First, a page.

People in North Herts among least happy in UK, data shows

PUBLISHED: 11:51 04 December 2019 | UPDATED: 11:51 04 December 2019

North Herts residents are among the least happy in the country according to latest Office of National Statistics data. Picture: Getty Images/iStockphoto/fizkes

North Herts residents are among the least happy in the country according to latest Office of National Statistics data. Picture: Getty Images/iStockphoto/fizkes

Archant

People in North Hertfordshire are among the least happy in the UK, a new survey by the Office for National Statistics shows.

The ONS carries out research every year to gauge the personal well-being of citizens across the nation.

It includes asking respondents aged 16 or over to rank their happiness, life satisfaction and sense of the things they do in life being worthwhile on a scale from zero to 10, with 10 being the highest.

The average happiness score for people in North Herts in 2018-19 was 7.31 - one of the lowest of any area.

Across the UK, the average score was 7.56, while the figure across the East of England stood at 7.62.

Happiness scores have risen gradually across the UK since the survey began in 2011-12, when it was 7.29.

People were also asked to rate their level of anxiety over a given day, with zero representing "not at all anxious" and 10 "completely anxious".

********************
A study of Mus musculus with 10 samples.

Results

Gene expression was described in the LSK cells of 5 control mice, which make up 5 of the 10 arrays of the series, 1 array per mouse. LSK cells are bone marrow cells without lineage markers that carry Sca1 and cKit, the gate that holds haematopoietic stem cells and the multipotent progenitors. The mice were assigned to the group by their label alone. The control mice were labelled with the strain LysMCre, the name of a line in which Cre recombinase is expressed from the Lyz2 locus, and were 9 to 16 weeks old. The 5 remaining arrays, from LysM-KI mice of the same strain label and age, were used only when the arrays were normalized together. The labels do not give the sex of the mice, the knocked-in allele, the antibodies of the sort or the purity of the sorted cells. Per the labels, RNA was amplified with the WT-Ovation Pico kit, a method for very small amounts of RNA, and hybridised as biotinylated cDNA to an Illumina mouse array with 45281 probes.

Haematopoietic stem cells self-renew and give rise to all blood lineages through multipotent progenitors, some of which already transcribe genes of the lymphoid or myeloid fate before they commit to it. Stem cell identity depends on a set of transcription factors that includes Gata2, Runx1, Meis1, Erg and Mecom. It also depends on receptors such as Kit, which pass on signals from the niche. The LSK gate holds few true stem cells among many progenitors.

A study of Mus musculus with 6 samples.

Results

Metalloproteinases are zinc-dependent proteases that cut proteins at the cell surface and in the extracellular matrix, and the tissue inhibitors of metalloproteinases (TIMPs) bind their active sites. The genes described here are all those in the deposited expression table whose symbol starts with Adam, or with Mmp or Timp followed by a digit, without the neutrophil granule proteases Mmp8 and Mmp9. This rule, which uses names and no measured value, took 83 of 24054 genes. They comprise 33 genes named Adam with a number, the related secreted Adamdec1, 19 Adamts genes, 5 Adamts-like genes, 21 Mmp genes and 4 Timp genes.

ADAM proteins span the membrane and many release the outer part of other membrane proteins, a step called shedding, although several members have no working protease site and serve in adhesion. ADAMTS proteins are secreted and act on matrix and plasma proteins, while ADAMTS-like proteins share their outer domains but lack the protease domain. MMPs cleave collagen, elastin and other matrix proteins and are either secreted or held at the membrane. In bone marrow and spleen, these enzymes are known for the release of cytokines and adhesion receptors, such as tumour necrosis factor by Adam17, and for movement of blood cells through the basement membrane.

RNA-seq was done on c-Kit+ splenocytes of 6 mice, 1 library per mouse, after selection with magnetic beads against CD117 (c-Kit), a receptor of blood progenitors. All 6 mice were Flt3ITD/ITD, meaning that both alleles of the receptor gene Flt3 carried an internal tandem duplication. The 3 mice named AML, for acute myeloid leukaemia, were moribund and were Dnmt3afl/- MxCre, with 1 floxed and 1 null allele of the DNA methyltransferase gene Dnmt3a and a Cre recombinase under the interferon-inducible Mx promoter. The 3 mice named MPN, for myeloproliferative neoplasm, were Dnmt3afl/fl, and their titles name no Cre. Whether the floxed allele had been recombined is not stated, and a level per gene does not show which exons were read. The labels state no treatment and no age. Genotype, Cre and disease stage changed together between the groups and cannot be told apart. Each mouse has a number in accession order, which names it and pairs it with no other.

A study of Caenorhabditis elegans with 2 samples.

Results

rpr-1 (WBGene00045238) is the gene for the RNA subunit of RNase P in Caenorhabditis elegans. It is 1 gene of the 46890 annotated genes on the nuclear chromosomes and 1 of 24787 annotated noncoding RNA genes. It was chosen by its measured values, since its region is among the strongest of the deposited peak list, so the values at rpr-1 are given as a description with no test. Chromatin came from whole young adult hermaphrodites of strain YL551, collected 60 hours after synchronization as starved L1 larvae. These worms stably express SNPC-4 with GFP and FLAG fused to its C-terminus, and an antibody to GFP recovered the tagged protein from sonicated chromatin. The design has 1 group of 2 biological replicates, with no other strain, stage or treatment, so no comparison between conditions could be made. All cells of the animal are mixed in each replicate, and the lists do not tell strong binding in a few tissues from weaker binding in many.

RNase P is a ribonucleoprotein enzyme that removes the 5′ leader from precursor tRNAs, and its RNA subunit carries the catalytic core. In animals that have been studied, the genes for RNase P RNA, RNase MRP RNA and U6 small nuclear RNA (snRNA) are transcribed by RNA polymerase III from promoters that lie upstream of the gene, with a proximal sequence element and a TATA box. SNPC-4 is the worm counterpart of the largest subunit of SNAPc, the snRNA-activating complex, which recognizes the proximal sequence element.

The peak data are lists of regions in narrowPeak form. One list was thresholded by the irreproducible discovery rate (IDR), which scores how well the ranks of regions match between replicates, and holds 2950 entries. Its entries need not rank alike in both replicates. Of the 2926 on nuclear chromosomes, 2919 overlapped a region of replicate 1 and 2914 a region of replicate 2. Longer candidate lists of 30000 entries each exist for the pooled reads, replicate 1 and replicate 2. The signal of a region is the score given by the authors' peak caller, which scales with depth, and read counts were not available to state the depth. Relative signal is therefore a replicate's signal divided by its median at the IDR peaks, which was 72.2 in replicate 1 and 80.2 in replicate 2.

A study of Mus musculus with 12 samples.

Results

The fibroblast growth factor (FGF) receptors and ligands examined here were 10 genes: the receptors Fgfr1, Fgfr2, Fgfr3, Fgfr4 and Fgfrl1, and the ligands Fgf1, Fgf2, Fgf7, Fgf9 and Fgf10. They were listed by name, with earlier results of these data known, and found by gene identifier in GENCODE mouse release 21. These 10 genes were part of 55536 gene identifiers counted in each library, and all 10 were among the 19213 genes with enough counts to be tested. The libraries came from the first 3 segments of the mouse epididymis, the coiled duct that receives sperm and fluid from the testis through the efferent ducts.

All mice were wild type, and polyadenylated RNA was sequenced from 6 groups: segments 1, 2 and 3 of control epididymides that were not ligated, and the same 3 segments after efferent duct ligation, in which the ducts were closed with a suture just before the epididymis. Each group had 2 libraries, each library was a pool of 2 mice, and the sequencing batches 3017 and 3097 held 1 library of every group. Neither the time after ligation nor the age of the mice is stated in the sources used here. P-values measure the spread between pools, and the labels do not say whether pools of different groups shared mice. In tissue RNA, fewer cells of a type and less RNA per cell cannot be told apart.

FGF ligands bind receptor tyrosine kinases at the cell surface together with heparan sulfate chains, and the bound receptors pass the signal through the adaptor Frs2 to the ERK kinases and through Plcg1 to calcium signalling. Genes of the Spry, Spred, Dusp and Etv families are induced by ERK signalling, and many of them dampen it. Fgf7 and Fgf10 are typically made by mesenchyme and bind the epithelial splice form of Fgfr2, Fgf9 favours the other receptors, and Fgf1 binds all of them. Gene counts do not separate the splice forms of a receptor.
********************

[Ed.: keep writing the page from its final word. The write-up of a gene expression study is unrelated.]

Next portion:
This reflected the trend across the UK, which saw a small drop in anxiety levels last year, to 2.87 - the joint lowest since 2015-16.

Mark Winstanley, chief executive of the charity Rethink Mental Illness, said the rise in happiness scores and drop in those for anxiety could mean people are investing more in looking after their mental health.

"However, it's important that we do not conflate improved well-being with a reduction in people experiencing a mental illness," he added.

"For every person that's reportedly feeling less anxious, there is another that's just been diagnosed with generalised anxiety disorder, with many struggling to get the care and treatment they need.

"As a charity we're still seeing plenty of people seeking help from our services, support groups and advice line, and it's clear that there's plenty of work left to do."

A spokeswoman for mental health charity Mind cautioned that well-being levels can vary around the country, and can be affected by different factors.

"Poverty, isolation, housing and access to green spaces, for example, can all affect our mental health," she added.

"While life events such as job losses, which might happen to many people in one community at a time, can also play a part."